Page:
Amnesty International Ireland has made an important submission to the Department of Foreign Affairs and Trade in relation the ongoing foreign policy review. Taken together with the other submissions that I outlined last week, it shows an ever-growing concern by civil society in Ireland with issues of business and human rights. That includes, of course, the activities of Irish companies overseas, and the directly related issue of trade promotion by the Irish Government. Amnesty tackles these subjects and the Government’s approach to them in its submission:
it is vital that the review makes it unambiguously clear that Ireland will not allow its economic interests to trump its responsibility to promote and protect human rights, on either bilateral or multilateral fronts.
Colm O’Gorman, Amnesty’s Executive Director, has publicly expressed his concern regarding the Government’s failure to raise human rights concerns during its recent trade mission to the Gulf, describing it as “a significant and worrying development”. Those concerns are reiterated in this submission. As he put it to Minister Bruton, Ireland cannot “outsource” its human rights diplomacy to the United Nations or the European Union.
Business and human rights merits “express attention” in the foreign policy review according to Amnesty. In particular:
Ireland should commit to ensuring that the activities of Irish-based companies investing in third countries or engaged in business there (including through their subsidiaries, supply chains and key business relationships) do not infringe, or contribute to infringing, upon human rights.
A first step in this regard would be the adoption of a national implementation plan for the United Nations Guiding Principles on business and human right. Ireland has not done this so far, but as Amnesty explains in its submission:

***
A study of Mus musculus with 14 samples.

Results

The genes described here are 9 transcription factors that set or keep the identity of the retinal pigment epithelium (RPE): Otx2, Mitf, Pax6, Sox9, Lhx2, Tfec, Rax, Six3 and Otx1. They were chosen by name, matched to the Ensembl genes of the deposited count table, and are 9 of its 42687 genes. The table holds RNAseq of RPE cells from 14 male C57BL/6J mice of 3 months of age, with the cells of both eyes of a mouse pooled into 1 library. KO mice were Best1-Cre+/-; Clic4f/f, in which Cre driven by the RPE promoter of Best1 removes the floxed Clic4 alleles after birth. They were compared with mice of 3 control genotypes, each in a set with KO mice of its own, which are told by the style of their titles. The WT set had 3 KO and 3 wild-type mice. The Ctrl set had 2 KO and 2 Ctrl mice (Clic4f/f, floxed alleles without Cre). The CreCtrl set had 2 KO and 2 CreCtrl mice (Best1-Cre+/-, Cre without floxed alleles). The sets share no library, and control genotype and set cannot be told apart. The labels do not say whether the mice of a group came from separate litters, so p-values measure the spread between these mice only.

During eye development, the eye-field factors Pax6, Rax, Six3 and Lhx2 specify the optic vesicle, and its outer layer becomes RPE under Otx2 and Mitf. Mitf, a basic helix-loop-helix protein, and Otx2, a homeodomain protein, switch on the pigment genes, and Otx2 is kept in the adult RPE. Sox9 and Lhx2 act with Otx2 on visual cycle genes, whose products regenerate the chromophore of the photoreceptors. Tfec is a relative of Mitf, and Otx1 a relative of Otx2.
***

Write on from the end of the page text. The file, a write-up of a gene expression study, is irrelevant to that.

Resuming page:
consideration is currently being given by the Irish Government as to how to address the Guiding Principles and how best to go about formulating its national plan for their implementation. We understand that Government Departments will be examining how best to take this forward in the coming period.
Part of the delay in adopting an Irish national implementation plan on business and human rights may be because it cuts across a variety of areas and thus requires the involvement of several Government departments. Amnesty’s submission notes that the UN Guiding Principles “cover a range of issues which span the policy responsibilities of a number of Government Departments and agencies”. Clearly the Department of Jobs, Enterprise and Innovation have a role to play here, in addition to the Department of Foreign Affairs and Trade. I have noted previously that the trade mission to the Gulf was lead by the former, and the attitude shown towards human rights by Minister Richard Bruton in that context, would not seem to bode well here.
As with a number of other submissions to the foreign policy review which addressed human rights and business, Amnesty International Ireland have asked that the foreign policy review “give some general outline of Ireland’s plans to develop … a national implementation plan”. In addition to the specifics of a national plan on business and human rights, it calls on the Department to explain it its review how:
business interests and human rights can – and in fact must – go hand in hand.
Ireland lags well behind other countries in terms of advancing the business and human rights agenda. The Government has been asked by the United Nations Human Rights Committee to provide information in the coming months as to how it ensures that Irish companies operating overseas respect human rights. Amnesty International Ireland have added a strong voice to the calls by Irish civil society that the foreign policy review be used to clarify and elaborate upon Ireland’s approach to human rights and business as a matter of priority.